How do I help my friend who is struggling?


Helping a friend means being there for them when they share things with you, trying to understand what they’re going through, and it can also mean helping them find help. Just the fact that you are trying to find the best way to help them means you’re a good friend! 😊


What does it mean to be there for someone?

It means being empathetic. In other words, it means trying to see things from their perspective rather than downplaying the problem or treating it like something everyone goes through.  


It means giving them your full attention. You can’t focus on multiple things at once. It’s been proven! If you’re trying to be there for someone, that means it’s important to find a time and place where you can give them your full attention, without distractions.


It means being respectful and listening without judging, no matter what. A good way to do this is to focus on feelings, because it can be hard to tell what someone else is feeling.


It means not jumping into “problem solving mode” right away. Often, people don’t necessarily need advice—they just need to feel understood. Listening and encouraging your friend to share will help them understand what they really need and find solutions by themselves.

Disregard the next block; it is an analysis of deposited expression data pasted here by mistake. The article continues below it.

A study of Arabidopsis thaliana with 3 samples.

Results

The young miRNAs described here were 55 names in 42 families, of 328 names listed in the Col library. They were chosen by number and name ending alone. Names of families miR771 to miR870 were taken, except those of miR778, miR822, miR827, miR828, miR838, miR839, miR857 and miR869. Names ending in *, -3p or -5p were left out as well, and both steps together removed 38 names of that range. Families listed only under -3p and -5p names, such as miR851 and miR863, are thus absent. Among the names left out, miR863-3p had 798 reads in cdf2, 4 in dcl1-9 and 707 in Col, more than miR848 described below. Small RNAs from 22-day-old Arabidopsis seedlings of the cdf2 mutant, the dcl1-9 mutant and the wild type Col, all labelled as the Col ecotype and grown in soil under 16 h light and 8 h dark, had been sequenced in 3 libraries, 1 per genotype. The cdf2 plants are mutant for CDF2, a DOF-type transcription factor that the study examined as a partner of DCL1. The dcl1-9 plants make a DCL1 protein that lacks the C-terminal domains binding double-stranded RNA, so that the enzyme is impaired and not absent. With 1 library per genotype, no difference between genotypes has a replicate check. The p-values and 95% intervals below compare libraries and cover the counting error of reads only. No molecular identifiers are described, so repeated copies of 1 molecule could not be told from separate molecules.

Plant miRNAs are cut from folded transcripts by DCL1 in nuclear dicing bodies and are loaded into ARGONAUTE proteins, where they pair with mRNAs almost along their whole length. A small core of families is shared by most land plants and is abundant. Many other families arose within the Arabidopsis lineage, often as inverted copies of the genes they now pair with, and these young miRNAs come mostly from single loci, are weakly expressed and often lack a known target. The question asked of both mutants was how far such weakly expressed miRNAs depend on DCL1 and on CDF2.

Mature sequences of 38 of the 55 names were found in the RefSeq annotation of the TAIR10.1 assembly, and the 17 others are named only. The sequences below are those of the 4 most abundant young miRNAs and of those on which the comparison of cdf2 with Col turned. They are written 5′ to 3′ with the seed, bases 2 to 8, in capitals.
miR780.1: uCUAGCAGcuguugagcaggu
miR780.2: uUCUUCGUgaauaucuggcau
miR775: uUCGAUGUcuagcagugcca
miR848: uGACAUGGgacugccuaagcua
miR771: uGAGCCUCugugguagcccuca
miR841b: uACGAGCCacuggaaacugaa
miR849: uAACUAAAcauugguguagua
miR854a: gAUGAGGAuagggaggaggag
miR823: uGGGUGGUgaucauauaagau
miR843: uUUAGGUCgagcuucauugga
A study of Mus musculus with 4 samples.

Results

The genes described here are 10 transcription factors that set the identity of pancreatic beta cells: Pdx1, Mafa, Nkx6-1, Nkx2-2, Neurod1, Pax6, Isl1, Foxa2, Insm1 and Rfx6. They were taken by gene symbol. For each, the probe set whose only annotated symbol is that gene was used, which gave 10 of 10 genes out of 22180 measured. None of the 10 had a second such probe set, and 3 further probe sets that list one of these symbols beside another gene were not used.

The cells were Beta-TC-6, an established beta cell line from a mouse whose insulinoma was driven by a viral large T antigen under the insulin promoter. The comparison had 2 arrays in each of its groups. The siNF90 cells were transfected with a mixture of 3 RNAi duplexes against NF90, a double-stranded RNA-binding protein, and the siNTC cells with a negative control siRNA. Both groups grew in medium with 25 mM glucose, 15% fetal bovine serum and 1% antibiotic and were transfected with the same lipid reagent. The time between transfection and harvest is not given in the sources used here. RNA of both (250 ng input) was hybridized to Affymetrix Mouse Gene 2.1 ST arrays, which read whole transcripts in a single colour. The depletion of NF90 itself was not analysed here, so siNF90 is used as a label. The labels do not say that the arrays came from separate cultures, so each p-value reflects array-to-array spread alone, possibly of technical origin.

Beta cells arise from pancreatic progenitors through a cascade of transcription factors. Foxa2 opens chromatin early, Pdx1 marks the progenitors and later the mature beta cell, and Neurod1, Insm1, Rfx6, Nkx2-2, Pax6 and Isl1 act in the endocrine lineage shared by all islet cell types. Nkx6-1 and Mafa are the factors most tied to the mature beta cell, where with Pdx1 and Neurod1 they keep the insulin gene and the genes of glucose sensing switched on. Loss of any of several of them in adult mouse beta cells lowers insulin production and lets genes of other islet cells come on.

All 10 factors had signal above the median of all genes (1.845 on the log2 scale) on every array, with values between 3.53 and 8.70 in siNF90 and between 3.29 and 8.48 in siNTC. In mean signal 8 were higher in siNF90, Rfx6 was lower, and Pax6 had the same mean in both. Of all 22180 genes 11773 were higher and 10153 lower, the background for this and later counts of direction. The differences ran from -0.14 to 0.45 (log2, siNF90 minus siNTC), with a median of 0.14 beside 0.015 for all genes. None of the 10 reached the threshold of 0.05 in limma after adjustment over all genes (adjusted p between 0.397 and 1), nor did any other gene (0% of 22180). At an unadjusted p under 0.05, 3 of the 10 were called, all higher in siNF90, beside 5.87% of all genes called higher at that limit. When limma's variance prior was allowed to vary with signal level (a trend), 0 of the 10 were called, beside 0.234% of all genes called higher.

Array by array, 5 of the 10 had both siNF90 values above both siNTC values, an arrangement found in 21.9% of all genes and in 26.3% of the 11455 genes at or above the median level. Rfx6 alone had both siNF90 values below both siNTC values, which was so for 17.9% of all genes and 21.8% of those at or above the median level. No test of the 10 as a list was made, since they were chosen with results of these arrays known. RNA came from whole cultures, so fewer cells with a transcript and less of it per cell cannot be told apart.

Being empathetic

Empathy is the ability to put yourself in someone else’s shoes and understand what they’re thinking, without necessarily shouldering their entire burden yourself. It involves feeling what they’re feeling because you’re identifying with what the other person is saying and imagining how it would make you feel.


For example, if you have a friend who is dealing with heartbreak, you can be empathetic by imagining how you would feel in that situation. You don’t necessarily need to have gone through the same thing yourself!


When you should be concerned

Here are some signs to watch out for:


👉 The person is suffering a lot (for instance, they’re crying a lot or feeling completely overwhelmed)

👉 They don’t have a trusted adult who’s aware that they’re struggling

👉 They’ve changed recently (having mood swings, becoming withdrawn, eating or sleeping less, etc.)

👉 They can’t see any solutions to their problem

👉 You’re worried about their safety


If you notice one or more of these signs, your friend likely needs professional help. As a friend, your job is to let them know you’re worried and tell an adult you trust (like your parents or theirs, a teacher, or a school counsellor).


Listening to a friend’s secrets

It can be hard to know how to react when a friend tells you something really important. Here are 5 tips for dealing with a tough situation.